Meet the Queen Elizabeth Scholars spending the summer of 2018 with Farmers Helping Farmers in Kenya!
Hello everybody! My name is Hannah Creaser, or “Anna” here in Kenya. I am a fourth year food and nutrition student and dietetic intern at the University of Prince Edward Island. I am originally from Upper Kingsclear, which is a small community outside of Fredericton, New Brunswick. This is my second time abroad but my first time on the continent of Africa!
The first thing I noticed upon coming to Kenya, is the amazing work ethic of the local people, especially the women. One example of the incredible work ethic of women here is that on top of spending their days keeping their shamba (garden) and caring for their families, some also create gravel as a means of income. This is done by taking a hammer and breaking a rock into smaller pieces. As you can imagine this is incredibly time consuming, tedious and strenuous work. This is only one of numerous examples of the amazing work ethic here to make enough money to survive. I look forward to seeing more examples. I am very excited to start my work here with local schools and women.
My name is Madison Brauer and I will be going into my fourth year of foods and nutrition at the university of Prince Edward Island this fall. I am from a very small town in northern Alberta where my parents and two younger siblings reside on our acreage. This summer I am working towards becoming a dietitian by doing my population and public health internship placement in the Naari region of Kenya.
The thing that has stood out to me the most about Kenya so far is the beauty of the landscape. The various types of trees, shrubs and flowers are unlike anything I have ever seen before. Because of the heavy rains the region has received in the past two months, everything is extremely lush and green. The dirt here is red, it may even be more copper in colour than the famous PEI dirt! The contrast between the bright green plant growth and the red dirt is exquisite and is making for some wonderful photographs. Each day I wake up and look outside I admire the beauty of our yard! I am looking forward to seeing and capturing images of more Kenyan landscapes.
My name is Lee Wesselius and I will be entering my third year of veterinary medicine at the Atlantic Veterinary College. I am from River Glade, New Brunswick where I grew up on dairy farm. I am looking forward to spending the summer providing help to Kenya farmers and getting the opportunity learn about Kenyan farming and culture, and to run all summer in the country that dominates the global running scene.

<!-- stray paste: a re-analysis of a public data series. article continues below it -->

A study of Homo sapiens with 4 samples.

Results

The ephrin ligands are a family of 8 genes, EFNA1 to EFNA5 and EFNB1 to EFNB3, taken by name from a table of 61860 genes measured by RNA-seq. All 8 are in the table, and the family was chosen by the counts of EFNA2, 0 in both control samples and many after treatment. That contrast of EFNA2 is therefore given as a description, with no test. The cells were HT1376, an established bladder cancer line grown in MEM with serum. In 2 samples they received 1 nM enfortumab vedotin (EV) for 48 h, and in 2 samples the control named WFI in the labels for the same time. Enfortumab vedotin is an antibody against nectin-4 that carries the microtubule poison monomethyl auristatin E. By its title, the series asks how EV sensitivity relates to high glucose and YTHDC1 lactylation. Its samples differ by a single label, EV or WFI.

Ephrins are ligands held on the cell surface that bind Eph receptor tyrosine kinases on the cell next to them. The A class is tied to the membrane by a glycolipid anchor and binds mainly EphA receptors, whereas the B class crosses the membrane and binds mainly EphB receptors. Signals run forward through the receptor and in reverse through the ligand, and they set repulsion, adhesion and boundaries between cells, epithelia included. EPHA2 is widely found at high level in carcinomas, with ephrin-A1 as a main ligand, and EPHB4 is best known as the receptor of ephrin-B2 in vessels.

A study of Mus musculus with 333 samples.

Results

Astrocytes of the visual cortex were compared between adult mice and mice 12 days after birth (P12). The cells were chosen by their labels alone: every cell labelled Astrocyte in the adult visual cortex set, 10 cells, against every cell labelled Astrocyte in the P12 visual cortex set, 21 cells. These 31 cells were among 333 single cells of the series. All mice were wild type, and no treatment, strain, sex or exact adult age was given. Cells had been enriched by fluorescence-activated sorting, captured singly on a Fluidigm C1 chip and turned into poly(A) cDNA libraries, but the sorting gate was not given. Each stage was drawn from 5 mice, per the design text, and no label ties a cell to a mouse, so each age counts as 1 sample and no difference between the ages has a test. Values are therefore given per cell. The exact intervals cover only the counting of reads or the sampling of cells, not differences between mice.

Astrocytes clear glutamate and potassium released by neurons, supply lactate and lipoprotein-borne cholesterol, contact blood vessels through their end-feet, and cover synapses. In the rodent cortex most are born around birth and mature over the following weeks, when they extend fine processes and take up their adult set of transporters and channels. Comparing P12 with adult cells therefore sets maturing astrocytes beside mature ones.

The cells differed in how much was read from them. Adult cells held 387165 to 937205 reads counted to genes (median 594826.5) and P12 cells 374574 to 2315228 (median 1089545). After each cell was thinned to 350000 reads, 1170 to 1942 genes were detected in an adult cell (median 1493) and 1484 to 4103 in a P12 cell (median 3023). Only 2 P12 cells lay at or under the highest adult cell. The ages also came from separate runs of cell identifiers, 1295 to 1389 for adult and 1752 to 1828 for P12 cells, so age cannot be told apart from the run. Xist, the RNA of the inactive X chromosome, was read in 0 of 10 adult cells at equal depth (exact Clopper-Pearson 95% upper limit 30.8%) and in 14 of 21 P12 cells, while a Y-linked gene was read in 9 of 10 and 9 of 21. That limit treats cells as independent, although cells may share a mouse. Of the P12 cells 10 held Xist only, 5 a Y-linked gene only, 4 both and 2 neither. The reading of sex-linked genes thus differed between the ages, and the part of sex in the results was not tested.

One thing I’ve noticed so far in Kenya is how friendly and helpful the Kenyans are. Most of the Kenyans will come up and introduce themselves or wave to you when walking or driving by. Also, they are very grateful when provided advice and will sometimes offer food or tea as a way of thanks. One of the first days here, a vehicle got stuck and everyone that was nearby, including myself, stopped to help push it out. I am looking forward to getting the opportunity to work with these wonderful individuals all summer.
Hey, everyone! My name is Ashley Kroyer and I am from Centreville, Newfoundland. I am entering my third year of veterinary medicine at the Atlantic Veterinary College. This summer, I am interning with UPEI and Farmers Helping Farmers under the supervision of Dr. John VanLeeuwen here in Kenya, Africa! I am most excited for such a unique opportunity to learn cow management and medicine and to be immersed into this new culture and way of life.
Africa is embracing us, and I personally feel my transition to Kenya so far is going very well. I’ve come eager to observe and interact as much as possible with everything new – people, food, markets, language! I am happy to have already made some dear Kenyan friends in only the first few days being here. We were and continue to be so welcomed by everyone we meet – hearing “Karibuni” (welcome to all) every day! And the food!? As fabulous as the people. Finally, I am pleased to discover our Kenyan friends are most willing (and wonderfully patient!) to help me learn Swahili (Kiswahili – one official language in Kenya) and Kimeru (spoken locally in Meru where we are living). All in all, I am having a lot of fun! I made my first ever farm visits today with our team and am so encouraged and motivated for the adventures coming up! Stay tuned to our stories, they’re sure to be great.
Welcome – karibu – to the blog for the Farmers Helping Farmers volunteers travelling to Kenya in 2018.
A group of 15 volunteers spent the day at UPEI preparing for their upcoming trips to Kenya. The first delegation leaves two weeks from now, while others will travel in mid-February and May.
Students from the Atlantic Veterinary College and the UPEI education and nutrition programs will work with Farmers Helping Farmers on a variety of projects, along with Kenyan partners in schools, dairies and women’s groups.
The orientation session included an introduction to Kenyan culture and language, as well as practical details on how to make the most of their experience.
The delegation will be bringing along two large hockey bags of female hygiene kits to be distributed at schools in Kenya. They were produced by a group of volunteers called the Empower Sewing Group in Guelph, Ontario.
Some of the team from 2017 were also part of the orientation, sharing their experiences in Kenya.
The groups also reviewed their very busy itineraries for their time in Kenya.
Stay tuned to this blog for stories and photos from Kenya very soon.